Built in the late 1920s, this California beach bungalow wound up in the hands of a loving couple, and they resolved to make the precious cottage a guesthouse for family and close friends. They brought in designer Marshall Watson, of Marshall Watson Interiors, to restore the beautiful home and bring European influence into the space. Marshall says, “They commissioned me to restore, reconstruct and revive this cottage without losing the initial spirit.”
Because of strict preservation laws, the exterior of the home could not be touched. However, the original glass windows were restored to preserve the beautiful views that southern California has to offer. The addition of shutters and plentiful gardens surrounding the property brought earthy and natural charm to the exterior.
In the interior, the master suite and public rooms were enlarged. Marshall says, “We removed quite a few walls in the house because it was divided up into very small rooms. We added a spacious, open quality to the home.”
Stylized choices reinforce a “Scandinavian summer cottage” appeal, Marshall explains. High wainscoting with a glossy finish and stained European oak hardwood floors were installed to bring warmth and luminosity to the home. “High gloss brightens a space, and yellow emits light, like the sun,” he says. Bright yellow floral-patterned wallpaper adds a hint of color to the entryway, welcoming guests with a feminine touch.
A color palette of gray, white and yellow brings light into the home. In keeping with the homeowners’ desire for European influence, Marshall says, “Pulling the precious light inside the house is so important because in northern European countries the homes are dark half of the year.” The combination of bright colors, lighting choices and open spaces are perfect for the home.
The color scheme provides unity and comfort, while fabrics introduce subtle interest and delicate ease. For example, in the living room fabric furnishings and a beautiful yellow rug add contrast. Dark, framed fabric displayed above the 19th-century French daybed in Louis XVI style adds an authentic, vintage allure.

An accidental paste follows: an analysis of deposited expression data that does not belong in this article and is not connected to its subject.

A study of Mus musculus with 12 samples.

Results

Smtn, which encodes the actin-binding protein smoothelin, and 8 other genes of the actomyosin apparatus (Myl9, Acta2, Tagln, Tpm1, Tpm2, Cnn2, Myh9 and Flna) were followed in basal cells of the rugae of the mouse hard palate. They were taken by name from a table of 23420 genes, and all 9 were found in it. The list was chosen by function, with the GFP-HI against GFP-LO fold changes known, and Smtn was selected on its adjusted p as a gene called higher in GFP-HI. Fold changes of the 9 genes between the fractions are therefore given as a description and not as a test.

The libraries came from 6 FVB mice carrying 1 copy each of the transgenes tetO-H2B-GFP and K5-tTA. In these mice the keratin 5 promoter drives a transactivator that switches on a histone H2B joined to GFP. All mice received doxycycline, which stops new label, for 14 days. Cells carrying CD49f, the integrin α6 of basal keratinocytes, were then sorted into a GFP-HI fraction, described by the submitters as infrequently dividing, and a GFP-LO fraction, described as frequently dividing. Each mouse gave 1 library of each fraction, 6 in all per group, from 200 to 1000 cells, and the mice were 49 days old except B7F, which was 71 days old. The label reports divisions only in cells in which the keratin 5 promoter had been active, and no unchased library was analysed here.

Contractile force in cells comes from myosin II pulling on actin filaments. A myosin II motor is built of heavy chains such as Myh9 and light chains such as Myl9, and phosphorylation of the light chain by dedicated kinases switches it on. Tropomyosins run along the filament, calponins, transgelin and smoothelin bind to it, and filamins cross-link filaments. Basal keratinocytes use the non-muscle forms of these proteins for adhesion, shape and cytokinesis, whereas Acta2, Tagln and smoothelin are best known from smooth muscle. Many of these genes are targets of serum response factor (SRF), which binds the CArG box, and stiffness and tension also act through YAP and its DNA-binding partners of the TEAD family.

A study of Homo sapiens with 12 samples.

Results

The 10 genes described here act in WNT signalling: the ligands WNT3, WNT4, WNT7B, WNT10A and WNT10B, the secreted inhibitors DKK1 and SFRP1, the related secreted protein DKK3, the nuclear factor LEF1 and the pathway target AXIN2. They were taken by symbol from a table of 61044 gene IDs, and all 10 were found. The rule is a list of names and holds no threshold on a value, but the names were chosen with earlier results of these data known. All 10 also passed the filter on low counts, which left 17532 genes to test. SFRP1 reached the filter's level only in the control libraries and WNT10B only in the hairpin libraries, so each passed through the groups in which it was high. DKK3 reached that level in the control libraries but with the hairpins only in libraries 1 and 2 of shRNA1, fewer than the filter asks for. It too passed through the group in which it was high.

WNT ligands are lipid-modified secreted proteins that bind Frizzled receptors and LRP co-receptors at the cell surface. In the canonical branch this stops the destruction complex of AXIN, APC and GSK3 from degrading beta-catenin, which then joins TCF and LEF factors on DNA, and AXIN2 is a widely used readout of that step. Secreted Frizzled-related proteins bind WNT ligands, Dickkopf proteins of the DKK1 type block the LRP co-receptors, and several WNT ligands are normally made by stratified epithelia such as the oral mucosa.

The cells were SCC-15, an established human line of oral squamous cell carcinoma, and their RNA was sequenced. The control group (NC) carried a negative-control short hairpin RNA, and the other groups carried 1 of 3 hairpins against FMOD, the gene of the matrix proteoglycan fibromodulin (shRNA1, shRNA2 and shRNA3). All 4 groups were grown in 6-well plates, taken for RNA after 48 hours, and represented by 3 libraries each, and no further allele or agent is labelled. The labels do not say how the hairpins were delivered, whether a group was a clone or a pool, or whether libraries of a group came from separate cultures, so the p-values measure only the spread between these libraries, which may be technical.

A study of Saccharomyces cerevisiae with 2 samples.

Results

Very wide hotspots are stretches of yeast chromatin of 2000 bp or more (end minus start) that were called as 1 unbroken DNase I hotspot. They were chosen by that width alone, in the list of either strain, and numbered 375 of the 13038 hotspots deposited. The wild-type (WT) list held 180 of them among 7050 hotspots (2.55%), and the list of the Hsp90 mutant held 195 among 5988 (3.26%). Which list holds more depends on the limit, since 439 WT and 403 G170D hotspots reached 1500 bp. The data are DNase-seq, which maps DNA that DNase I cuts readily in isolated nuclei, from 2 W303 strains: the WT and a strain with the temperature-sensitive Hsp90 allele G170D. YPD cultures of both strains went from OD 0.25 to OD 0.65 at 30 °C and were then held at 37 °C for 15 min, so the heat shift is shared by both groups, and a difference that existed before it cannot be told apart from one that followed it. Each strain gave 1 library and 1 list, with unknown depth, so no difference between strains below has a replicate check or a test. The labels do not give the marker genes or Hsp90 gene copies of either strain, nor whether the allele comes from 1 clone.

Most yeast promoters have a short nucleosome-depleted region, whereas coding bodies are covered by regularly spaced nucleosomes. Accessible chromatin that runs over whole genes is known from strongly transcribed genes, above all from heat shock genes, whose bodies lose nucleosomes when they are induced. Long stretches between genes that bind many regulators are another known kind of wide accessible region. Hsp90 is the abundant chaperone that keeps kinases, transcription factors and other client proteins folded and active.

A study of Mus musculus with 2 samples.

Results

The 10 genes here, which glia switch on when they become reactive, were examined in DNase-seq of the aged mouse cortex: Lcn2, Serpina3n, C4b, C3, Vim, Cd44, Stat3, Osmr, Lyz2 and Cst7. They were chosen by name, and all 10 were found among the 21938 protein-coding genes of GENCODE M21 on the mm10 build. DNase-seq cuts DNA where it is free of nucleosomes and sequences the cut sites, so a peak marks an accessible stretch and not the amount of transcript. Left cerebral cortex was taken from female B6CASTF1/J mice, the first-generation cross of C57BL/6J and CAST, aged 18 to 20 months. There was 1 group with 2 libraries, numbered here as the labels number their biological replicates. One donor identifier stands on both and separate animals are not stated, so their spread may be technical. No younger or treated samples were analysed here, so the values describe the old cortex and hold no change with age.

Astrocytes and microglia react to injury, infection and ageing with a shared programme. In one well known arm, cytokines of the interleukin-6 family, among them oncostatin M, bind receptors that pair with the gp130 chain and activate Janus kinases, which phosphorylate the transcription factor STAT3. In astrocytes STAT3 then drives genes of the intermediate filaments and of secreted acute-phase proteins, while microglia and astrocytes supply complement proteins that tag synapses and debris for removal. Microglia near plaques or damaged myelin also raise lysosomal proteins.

Furnishings with slender, graceful legs play a fundamental role in evoking a sense of European style. “Most of the pieces are from Sweden, Poland, Austria and Denmark,” Marshall reveals. A few more key pieces of furniture are the Gustavian neoclassical chairs and Biedermeier breakfast table in the entryway, which create a high-end feel in the cottage.
For the homeowner couple, this cottage was a dream–and a romantic getaway for them. With this in mind, Marshall designed the guesthouse for intimate gatherings and close conversations. Multiple small seating areas feature handpicked furnishings, feminine fabrics and enriched colors for every occasion. Key pieces of décor, including florals and 1950s dishware, enliven the spaces with timeless charm.
Take Marshall’s advice to achieve the “clean romantic” in your own home. “In a small home, a limited palette helps unify the home,” Marshall says. By working within the chosen palette of gray, white and yellow, Marshall avoided overwhelming the home and its corresponding outdoor spaces with too much color. Instead, he used patterns and delicate textures to enhance the romantic appeal.
Another design tip is to unify the space, rather than break it up. The entire home features wainscoting, Dunn-Edward’s Swiss Coffee paint color and glossy woodwork, creating a subtle and serene backdrop where furnishings and décor can take center stage.